The dynamic pages are necessary for our business application and we create the static correlates just for the bots.
Is there any reason why an ESE (or the company using it) would care that this kind of cloaking is occurring? There may be technical obstacles in setting it up, but if it can be set up, would there then be any technical or ethical obstacles in execution?
Thanks for any help regarding this.
Leaving aside the technical issues of how to set it up, let's look at the URL issue. You will have a parameter in the URL which indicates which content is to be served... Most search engines that I am aware of will accept a limited amount of parameters. I don't think you will have a problem there.
The cloaking issue is separate. Commercial search engines have traditionally "had a problem" with cloaking, and have taken steps to try to eliminate cloaked pages from their indexes. However, I do not think that the enterprise search engines you are referring to will devote the resources to "out" the cloaked pages. Whether they have a problem with cloaked pages or not will obviously vary from company to company.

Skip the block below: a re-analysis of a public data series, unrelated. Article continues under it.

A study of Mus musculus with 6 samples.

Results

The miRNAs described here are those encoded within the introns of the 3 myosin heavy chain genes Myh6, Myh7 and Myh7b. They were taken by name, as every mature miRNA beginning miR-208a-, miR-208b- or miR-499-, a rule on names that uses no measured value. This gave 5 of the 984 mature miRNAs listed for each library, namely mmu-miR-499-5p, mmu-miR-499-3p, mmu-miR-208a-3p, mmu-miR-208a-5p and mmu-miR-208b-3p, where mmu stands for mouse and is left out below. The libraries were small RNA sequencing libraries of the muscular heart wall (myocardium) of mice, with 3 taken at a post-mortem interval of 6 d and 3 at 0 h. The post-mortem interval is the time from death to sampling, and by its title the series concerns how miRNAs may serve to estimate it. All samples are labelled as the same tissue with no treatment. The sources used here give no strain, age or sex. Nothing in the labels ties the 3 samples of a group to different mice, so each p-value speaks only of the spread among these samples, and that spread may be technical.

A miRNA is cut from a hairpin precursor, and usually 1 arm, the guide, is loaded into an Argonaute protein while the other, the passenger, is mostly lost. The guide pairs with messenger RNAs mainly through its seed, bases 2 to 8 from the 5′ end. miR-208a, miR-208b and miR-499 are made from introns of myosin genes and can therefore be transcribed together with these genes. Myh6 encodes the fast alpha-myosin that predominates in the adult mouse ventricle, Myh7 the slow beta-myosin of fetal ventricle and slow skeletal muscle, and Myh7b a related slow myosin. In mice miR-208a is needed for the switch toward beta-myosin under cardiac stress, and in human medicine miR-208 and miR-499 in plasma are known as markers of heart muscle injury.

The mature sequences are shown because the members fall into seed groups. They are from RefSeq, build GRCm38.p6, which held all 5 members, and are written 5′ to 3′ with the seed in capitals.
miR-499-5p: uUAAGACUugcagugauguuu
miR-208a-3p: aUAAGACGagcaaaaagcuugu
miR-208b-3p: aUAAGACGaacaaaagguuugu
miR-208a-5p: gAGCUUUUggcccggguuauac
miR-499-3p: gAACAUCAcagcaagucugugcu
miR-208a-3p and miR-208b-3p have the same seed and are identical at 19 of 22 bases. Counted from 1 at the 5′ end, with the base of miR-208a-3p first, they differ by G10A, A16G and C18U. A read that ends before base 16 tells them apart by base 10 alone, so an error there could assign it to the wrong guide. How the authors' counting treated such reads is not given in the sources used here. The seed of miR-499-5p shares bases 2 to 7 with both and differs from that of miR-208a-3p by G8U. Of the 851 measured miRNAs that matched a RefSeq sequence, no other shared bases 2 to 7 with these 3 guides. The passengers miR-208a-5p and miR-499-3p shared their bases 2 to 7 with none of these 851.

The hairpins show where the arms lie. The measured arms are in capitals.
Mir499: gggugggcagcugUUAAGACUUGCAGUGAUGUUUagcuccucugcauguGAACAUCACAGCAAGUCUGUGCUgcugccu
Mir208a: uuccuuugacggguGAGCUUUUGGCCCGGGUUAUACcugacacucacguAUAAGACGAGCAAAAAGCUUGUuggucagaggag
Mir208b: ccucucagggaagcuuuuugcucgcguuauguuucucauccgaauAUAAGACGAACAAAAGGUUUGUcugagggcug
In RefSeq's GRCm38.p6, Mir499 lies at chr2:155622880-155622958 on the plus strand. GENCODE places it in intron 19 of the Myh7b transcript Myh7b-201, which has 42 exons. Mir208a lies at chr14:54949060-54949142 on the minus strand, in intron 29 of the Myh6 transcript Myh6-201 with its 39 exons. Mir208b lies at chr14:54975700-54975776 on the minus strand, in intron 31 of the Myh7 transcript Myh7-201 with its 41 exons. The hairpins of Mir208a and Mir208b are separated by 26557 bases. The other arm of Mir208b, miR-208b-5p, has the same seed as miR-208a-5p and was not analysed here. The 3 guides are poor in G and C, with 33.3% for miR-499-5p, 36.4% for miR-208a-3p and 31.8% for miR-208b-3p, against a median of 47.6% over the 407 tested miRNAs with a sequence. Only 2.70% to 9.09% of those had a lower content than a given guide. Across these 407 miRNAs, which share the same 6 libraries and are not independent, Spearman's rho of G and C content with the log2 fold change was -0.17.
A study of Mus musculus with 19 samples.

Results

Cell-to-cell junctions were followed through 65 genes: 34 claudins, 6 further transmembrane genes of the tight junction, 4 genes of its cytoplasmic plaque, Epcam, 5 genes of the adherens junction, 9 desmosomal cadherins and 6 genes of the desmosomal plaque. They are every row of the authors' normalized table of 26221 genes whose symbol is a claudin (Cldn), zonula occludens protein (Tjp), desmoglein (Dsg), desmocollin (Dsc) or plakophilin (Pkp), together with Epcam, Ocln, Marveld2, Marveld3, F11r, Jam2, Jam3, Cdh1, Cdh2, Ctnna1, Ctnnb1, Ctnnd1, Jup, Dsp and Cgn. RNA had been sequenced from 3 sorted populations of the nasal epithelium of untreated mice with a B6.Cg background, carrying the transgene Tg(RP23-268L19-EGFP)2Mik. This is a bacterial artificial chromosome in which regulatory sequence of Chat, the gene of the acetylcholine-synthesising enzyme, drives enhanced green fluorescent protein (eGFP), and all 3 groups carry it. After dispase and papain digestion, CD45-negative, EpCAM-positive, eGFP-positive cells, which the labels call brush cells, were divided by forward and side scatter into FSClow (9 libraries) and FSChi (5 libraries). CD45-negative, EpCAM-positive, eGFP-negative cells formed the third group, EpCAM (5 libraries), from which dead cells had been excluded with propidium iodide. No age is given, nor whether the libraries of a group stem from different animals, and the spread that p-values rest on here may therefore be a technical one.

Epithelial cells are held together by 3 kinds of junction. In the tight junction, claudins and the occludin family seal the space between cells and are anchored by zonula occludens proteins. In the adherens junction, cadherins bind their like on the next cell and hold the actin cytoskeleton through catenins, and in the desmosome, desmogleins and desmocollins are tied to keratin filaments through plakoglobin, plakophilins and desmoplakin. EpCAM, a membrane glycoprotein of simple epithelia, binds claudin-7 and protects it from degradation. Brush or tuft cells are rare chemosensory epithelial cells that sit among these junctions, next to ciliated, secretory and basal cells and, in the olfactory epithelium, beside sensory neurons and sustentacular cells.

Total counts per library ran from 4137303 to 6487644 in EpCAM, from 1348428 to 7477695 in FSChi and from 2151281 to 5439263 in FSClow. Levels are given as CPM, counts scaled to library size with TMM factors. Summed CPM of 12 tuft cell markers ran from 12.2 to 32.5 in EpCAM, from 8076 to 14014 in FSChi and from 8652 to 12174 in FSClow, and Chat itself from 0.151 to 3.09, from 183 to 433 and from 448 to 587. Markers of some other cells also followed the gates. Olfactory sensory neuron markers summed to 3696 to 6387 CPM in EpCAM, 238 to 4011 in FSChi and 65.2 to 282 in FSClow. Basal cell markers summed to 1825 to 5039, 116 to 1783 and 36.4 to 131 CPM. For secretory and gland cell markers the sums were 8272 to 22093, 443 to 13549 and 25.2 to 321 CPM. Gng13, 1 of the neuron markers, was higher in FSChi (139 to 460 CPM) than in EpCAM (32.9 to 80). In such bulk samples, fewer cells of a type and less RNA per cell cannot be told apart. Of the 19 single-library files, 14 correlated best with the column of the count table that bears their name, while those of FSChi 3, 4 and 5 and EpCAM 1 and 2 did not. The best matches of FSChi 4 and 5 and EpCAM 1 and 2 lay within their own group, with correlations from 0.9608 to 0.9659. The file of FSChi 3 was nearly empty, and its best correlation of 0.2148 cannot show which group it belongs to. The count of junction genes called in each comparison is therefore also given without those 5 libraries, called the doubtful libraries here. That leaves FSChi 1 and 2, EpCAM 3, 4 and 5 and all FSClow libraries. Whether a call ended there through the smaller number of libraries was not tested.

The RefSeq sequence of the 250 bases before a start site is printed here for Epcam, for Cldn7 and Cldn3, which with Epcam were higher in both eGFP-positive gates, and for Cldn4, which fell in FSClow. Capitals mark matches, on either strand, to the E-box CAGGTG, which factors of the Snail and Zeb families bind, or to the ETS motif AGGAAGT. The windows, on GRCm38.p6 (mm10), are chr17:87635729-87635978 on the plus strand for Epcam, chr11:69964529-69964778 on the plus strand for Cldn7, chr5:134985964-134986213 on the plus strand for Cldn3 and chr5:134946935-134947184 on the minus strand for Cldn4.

have the search results click through a different link?
I'm not sure exactly what you mean by click through a different link...
To display different content to human and crawler visitors, it is necessary to identify the crawlers. Some people do it by checking the user-agent of the visitor, and some do it by checking the IP address of the visitor. If the user-agent or IP address is known to belong to a crawler, then they show the content meant for crawlers. If the user-agent or IP address doesn't belong to a crawler, they show the content meant for humans.